NASA has selected two proposals to better understand the fundamental nature of space and the way it changes in response to atmospheres in planets, solar radiation, and interstellar particles. Both of these proposals under the Heliophysics Science Mission of Opportunity will get $400,000 each for conducting a mission concept study over a period of nine months. Here’s a look at the two proposals that have been accepted by NASA.
Spatial/Spectral Imaging of Heliospheric Lyman Alpha (SIHLA)
The SIHLA will be principally investigated by Larry Paxton at Johns Hopkins University Applied Physics Laboratory in Laurel, Maryland. According to a NASA update, this project will be mapping the sky to determine the shape and the underlying mechanisms of the boundary between the heliosphere, area of the Sun’s magnetic influence, and the boundary which is called the heliopause.
The observations will gather the far-ultraviolet light, which is emitted from the hydrogen atoms. This particular wavelength is the key for analysing various astrophysical phenomena, which includes planetary atmospheres and comets since so many things of the universe are composed of hydrogen, explains NASA in a press announcement.
SIHLA will be focusing on tracking the velocity and distribution of the solar wind, which is the outpouring of particles from the Sun and thereby helping us to understand of what drives the structure in the solar wind and heliopause. This area of research is going through a rapid evolution because of the data from NASA missions like Voyager, Parker Solar Probe and Interstellar Boundary Explorer.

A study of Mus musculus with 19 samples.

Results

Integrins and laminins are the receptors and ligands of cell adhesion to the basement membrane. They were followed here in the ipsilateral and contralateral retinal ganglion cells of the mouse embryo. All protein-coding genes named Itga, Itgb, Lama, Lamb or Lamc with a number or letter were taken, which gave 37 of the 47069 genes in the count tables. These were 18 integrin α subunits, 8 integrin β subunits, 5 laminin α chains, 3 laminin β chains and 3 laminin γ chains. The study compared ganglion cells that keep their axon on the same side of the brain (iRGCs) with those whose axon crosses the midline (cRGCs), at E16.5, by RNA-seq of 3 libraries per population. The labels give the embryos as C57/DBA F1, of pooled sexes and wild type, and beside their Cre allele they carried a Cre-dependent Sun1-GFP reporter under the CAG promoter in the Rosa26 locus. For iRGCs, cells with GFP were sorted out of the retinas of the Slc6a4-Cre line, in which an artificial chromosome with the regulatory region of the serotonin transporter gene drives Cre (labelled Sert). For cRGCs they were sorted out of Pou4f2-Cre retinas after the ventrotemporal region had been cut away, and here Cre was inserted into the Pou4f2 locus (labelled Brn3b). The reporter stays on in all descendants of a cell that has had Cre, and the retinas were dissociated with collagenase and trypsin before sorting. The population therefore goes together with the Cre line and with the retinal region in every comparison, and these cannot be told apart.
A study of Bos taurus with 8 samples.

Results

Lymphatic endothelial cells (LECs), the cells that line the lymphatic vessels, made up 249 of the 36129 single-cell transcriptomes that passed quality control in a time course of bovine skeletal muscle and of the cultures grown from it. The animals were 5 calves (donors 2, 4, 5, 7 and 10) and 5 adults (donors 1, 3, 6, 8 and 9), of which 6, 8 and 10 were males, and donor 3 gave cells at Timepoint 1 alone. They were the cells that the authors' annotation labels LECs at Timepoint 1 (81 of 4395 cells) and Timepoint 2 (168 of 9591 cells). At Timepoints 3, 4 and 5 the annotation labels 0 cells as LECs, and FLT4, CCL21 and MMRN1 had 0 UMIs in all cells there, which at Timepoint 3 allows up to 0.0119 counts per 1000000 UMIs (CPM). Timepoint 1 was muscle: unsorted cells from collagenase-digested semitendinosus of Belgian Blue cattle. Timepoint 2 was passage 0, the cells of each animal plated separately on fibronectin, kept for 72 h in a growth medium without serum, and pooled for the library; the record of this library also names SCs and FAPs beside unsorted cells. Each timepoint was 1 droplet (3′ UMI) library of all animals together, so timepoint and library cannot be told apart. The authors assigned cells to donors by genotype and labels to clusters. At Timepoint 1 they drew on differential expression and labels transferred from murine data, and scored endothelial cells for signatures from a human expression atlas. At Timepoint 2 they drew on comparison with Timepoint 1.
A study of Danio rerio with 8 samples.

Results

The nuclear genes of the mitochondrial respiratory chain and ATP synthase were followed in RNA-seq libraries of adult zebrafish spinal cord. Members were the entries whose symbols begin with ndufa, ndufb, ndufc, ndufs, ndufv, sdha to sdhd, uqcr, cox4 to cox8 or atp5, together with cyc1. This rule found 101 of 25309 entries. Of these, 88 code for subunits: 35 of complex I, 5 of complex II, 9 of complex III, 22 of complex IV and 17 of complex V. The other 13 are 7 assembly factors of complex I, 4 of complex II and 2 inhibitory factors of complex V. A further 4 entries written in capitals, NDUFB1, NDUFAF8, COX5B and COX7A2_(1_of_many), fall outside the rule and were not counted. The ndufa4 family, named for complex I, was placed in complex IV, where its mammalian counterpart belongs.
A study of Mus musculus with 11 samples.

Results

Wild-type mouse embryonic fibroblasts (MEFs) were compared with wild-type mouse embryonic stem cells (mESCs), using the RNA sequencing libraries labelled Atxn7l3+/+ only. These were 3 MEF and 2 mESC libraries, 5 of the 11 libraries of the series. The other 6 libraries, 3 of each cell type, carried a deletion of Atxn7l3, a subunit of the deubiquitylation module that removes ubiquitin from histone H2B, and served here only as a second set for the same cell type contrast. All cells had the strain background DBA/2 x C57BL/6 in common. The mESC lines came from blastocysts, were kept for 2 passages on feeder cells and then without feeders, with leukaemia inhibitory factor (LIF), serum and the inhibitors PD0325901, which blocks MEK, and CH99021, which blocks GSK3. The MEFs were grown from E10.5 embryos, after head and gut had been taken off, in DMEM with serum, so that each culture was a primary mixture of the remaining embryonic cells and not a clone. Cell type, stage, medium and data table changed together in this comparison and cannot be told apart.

Global Lyman-alpha Imagers of the Dynamic Exosphere (GLIDE)
The GLIDE program will be principally investigated by Lara Waldrop at the University of Illinois, Champaign-Urbana. This program will be studying the variability in the Earth’s exosphere which is the topmost region of the atmosphere, by tracking the far-ultraviolet light emitted from hydrogen.
It would be help provide us with better ways to forecast and eventually mitigate the ways in which space weather can interfere with radio communications in space.
After these studies, the US space agency will be choosing one proposal for launching a secondary payload on NASA’s Interstellar Mapping and Acceleration Probe (IMAP). The space agency’s Solar Terrestrial Probes program is funding the Mission of Opportunity and the total cost is capped at $75 million.
The IMAP is scheduled for launch on October 2024 to orbit a point called first Lagrangian point (L1) which is between our planet and the Sun. The IMAP will be helping space researchers in better understanding of interstellar boundary region, where the particles from the Sun collide with material from the rest of the galaxy.
According to NASA, this distant area also controls the amount of harmful cosmic radiation entering the heliosphere, the magnetic bubble that shields our solar system from charged particles surrounding it. These cosmic rays from the galaxy and beyond can affect astronauts and can harm technological systems, explains NASA and could also be playing a role in the presence of life in the universe.